Thursday, February 20, 2014





Working The Room

Even- especially- after admitting to what he termed a "glib" remark, Barack Obama remains the smartest person in the room, if not in Washington, D.C.

According to ABC News, while in Waukesha (is there a better sounding name for a town?), Wisconsin lauding vocational education and highlighting the administration's review of job training programs:

But I promise you, folks can make a lot more potentially with skilled manufacturing or the trades than they might with an art history degree," he continued, to some audience laughter. "Now, nothing wrong with an art history degree. I love art history. So I don't want to get a bunch of emails from everybody. I'm just saying, you can make a really good living and have a great career without getting a four-year college education, as long as you get the skills and the training that you need.

University of Texas art history instructor Ann Collins Johns, however, was not amused and sent the President an e-mail in which, reported CNN,

"We really work hard on teaching students…who come in and take an art history survey class how to think, read and write critically, because that's what you do with art,” she wrote. “It's not just looking at a pretty picture. You have to call upon all of your resources to come up with some sort of interpretation."

She also attempted to “dispel the notion that [art history] is elitist.”

“Increasingly the discipline is much more global. We really teach the arts to a wide range of students with a wide range of backgrounds, and we are teaching the arts of Africa, Asia, South America, Central America and we have a global outlook and that tends to change the whole field."

She received an e-mail from the correspondence supervisor at the White House which included a scan of a handwritten note signed "Sincerely, Barack Obama."  The President wrote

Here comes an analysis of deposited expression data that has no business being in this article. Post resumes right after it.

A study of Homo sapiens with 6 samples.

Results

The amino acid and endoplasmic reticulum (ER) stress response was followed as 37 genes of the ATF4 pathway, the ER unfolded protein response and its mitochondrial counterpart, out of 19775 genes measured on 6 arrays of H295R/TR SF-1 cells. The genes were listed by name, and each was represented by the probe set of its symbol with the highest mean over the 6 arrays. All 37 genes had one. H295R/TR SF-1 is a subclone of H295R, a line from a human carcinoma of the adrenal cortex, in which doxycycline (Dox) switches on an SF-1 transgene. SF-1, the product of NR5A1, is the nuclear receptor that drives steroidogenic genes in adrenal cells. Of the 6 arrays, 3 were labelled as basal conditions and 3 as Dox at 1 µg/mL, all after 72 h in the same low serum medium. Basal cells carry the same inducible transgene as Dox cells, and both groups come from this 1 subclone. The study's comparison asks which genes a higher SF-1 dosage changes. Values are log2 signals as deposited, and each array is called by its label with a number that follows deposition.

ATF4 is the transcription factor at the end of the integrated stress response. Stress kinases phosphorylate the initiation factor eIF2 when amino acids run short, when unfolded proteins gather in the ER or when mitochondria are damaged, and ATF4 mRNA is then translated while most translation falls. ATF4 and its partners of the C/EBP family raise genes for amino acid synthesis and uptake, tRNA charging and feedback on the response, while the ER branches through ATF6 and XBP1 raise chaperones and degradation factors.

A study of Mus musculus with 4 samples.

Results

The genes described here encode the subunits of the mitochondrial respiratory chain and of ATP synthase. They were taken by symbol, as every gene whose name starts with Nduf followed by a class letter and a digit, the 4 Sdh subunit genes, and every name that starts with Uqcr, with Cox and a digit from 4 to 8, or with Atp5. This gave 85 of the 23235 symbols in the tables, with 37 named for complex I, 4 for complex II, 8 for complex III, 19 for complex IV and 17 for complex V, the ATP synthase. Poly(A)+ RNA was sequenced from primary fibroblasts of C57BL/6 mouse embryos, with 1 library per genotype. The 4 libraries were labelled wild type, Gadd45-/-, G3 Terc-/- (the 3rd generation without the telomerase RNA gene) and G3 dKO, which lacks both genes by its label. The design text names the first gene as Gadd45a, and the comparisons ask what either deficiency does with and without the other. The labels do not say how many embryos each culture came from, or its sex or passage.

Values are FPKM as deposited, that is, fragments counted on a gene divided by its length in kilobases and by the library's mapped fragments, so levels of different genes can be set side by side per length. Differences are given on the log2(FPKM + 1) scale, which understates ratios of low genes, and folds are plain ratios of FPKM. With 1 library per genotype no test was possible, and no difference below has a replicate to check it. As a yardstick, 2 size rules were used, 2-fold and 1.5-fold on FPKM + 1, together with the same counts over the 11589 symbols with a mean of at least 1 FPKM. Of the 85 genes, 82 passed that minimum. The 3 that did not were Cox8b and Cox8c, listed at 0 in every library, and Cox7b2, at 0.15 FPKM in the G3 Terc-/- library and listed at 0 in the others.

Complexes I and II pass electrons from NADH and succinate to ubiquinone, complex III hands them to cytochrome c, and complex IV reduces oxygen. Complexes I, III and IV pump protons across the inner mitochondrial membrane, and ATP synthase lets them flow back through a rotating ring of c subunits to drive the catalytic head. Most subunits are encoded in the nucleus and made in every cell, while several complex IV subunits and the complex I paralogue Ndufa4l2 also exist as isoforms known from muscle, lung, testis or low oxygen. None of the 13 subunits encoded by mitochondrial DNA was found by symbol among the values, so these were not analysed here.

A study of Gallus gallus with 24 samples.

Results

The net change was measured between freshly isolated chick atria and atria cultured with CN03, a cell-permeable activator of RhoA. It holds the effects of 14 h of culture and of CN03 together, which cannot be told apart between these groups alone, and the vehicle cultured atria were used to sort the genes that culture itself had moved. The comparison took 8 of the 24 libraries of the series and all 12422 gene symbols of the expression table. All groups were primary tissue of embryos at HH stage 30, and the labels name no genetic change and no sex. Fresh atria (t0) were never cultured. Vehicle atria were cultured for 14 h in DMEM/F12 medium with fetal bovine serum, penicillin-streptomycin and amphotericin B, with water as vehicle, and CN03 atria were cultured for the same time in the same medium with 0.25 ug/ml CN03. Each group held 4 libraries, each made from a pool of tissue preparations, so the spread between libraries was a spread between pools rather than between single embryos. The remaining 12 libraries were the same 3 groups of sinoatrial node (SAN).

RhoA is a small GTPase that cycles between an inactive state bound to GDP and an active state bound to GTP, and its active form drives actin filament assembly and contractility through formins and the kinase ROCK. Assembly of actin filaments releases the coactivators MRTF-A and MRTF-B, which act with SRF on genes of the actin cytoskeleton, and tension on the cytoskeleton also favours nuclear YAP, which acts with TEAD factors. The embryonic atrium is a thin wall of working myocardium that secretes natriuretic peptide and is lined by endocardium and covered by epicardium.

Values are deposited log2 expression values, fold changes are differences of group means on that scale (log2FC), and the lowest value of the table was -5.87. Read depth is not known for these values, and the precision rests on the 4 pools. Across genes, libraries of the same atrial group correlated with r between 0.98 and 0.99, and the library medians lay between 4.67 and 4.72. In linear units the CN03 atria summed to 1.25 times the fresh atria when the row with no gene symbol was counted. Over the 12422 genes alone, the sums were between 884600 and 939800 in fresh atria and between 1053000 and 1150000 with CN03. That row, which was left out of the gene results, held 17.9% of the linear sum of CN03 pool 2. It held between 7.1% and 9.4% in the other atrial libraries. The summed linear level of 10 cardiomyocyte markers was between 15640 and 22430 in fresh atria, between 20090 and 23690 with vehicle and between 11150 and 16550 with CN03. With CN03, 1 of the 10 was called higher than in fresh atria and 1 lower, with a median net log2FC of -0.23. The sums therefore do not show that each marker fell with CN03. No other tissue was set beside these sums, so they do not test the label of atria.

Let me apologize for my off the cuff remarks. I was making a point about the jobs market, not the value of art history. As it so happens, art history was one of my favorite subjects in high school, and it has helped me take in a great deal of joy in my life that I might otherwise have missed. So please pass on my apology for the glib remark to the entire department, and understand that I was trying to encourage young people who may not be predisposed to a four year college experience to be open to technical training that can lead them to an honorable career.

Obama was smart enough- as are virtually all politicians- to label his comments an "apology."  Further,  he demonstrated enough insight to recognize his remark as "glib."  That alone might qualify the response as an apology while, as wise politicians know to do, he defended himself, maintaining he was "making a point about the jobs market, not the value of art history."  Shorter Obama: "you missed my point, Ms. Collins."

"As it so happens," the President was slick enough to note, "art history was one of my favorite subjects in high school, and it has helped me take in a great deal of job in my life that I might otherwise have missed."   Apparently, art history is to Mr. Obama intended to keep younger people entertained until they need to get focused on real life.   After all, "it has helped me take in a great deal of joy in my life."   Just a wonderful thing when they're sitting on the student green at Pleasantville U. contemplating something or another.

Dr. Collins pointed to the diversity of students in the field, as well as the effort to expose those students to culture beyond the U.S.A., things which the first black President- who spent a few of his formative years growing up in Asia- generally finds valuable.  Instead, art history can give one "a great deal of joy."

Johns was genuinely pleased at receiving the note- not everyone receives a letter personally signed by the President of the United States, and Johns proceeded to post it on Facebook. She defended the President, as so many Democrats/liberals have been maneuvered into doing, by pointing to his extremist critics.  "He's trying to be entertaining and everybody jumps on his case," she stated, suggesting that the President is right because his opponents are so wrong.

Still, the U.T. lecturer tried to dispel the notion that her field of study is elitist.  Instead, Barack Obama did his little bit to reinforce it as elitist.  And is it possible for anyone to be any more patronizing?